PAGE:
Notes on ‘The Handmaid-s Tale”

 F.I. had a book reading in May, on Margaret Atwood’s “The Hand-maid’s Tale”. These are some notes on their reflection!

  1. Hierarchy of women

Sya pointed out the hierarchy of women in the book as being relevant to real life, even though people may not give explicit labels to social norms. Discussion followed on the nature of women’s choice in the man-based Republic of Gilead .

  1. Aunts training Handmaids

Tanya highlighted the control of women by other women. Nikita compared Aunts to pro-life activists who believe in their propaganda. Sya saw Aunts as representing any woman who is complicit in the subordination of women in patriarchal society. Discussion followed on the possible causes of the Aunts’ actions, such as limited options for them, or the corrupting influence of power.

  1. Handmaids’ role of bearing children

Deya pointed out the irony of the Handmaids’ role of child-bearing, which gives them great power, but also reduces their selves to their reproductive capacity. Discussion followed on whether there is a change of such a perception of women in real life, as the laws in some countries present infertility as a reason for divorce.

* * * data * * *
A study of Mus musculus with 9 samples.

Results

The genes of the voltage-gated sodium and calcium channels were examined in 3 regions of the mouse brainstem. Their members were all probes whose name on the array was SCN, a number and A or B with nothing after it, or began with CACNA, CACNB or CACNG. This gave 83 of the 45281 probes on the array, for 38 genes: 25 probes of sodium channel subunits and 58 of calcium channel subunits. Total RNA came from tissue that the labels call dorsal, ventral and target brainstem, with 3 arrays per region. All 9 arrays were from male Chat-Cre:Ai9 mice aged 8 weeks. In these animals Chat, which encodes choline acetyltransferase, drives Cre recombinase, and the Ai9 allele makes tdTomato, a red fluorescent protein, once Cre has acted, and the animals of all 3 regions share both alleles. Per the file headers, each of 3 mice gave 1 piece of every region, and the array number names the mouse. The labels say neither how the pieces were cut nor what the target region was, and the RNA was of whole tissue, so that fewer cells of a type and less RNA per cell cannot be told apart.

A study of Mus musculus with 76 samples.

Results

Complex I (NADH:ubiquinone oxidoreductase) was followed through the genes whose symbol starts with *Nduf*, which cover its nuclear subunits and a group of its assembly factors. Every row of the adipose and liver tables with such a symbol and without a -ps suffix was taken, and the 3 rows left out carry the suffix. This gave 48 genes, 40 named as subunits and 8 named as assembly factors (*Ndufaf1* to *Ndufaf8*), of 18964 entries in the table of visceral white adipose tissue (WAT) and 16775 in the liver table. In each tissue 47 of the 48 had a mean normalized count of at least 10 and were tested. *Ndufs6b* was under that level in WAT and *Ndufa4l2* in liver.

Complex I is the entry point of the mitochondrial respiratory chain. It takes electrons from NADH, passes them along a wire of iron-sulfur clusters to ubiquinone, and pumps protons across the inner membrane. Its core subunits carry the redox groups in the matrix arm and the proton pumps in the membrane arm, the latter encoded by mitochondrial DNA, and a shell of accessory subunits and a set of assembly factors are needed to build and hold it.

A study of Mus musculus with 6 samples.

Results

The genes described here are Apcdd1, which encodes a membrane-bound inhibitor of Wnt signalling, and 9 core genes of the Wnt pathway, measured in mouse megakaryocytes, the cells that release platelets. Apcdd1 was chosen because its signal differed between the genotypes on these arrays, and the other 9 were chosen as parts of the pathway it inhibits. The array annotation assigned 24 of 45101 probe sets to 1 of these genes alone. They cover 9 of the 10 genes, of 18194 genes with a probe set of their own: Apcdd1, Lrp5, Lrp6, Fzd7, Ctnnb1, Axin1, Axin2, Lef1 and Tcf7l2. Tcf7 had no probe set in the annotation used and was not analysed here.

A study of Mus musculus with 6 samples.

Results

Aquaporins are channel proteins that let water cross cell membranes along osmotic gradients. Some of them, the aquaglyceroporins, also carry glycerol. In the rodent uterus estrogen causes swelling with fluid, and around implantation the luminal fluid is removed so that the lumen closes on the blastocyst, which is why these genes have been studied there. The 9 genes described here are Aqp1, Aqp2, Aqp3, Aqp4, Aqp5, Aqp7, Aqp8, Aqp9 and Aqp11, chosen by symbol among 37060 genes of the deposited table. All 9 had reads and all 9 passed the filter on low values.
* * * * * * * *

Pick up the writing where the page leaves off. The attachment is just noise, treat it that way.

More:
1. Change in power relations

Nikita remarked on the power relations between the Commander and Offred, and differences in power relations between homosexual and heterosexual relationships. Discussion followed on how gender is not the primary power relation in homosexual relationships, and how independence and authority in the form of employment and literacy influences power relations.

  1. Lack of consent, choice and spirituality

Farrah showed concern for the lack of true consent and choice for the women of Gilead, and linked it to the lack of spirituality. Some members saw spirituality present in the form of religious discourse before the Ceremony, while some members found that the Ceremony lacked a holistic approach and likened it to rape. Nikita emphasized the changed relationship between the Commander and Offred, which may imply consent. Discussion followed on whether the Ceremony is an act of rape, within and outside of the context of the book.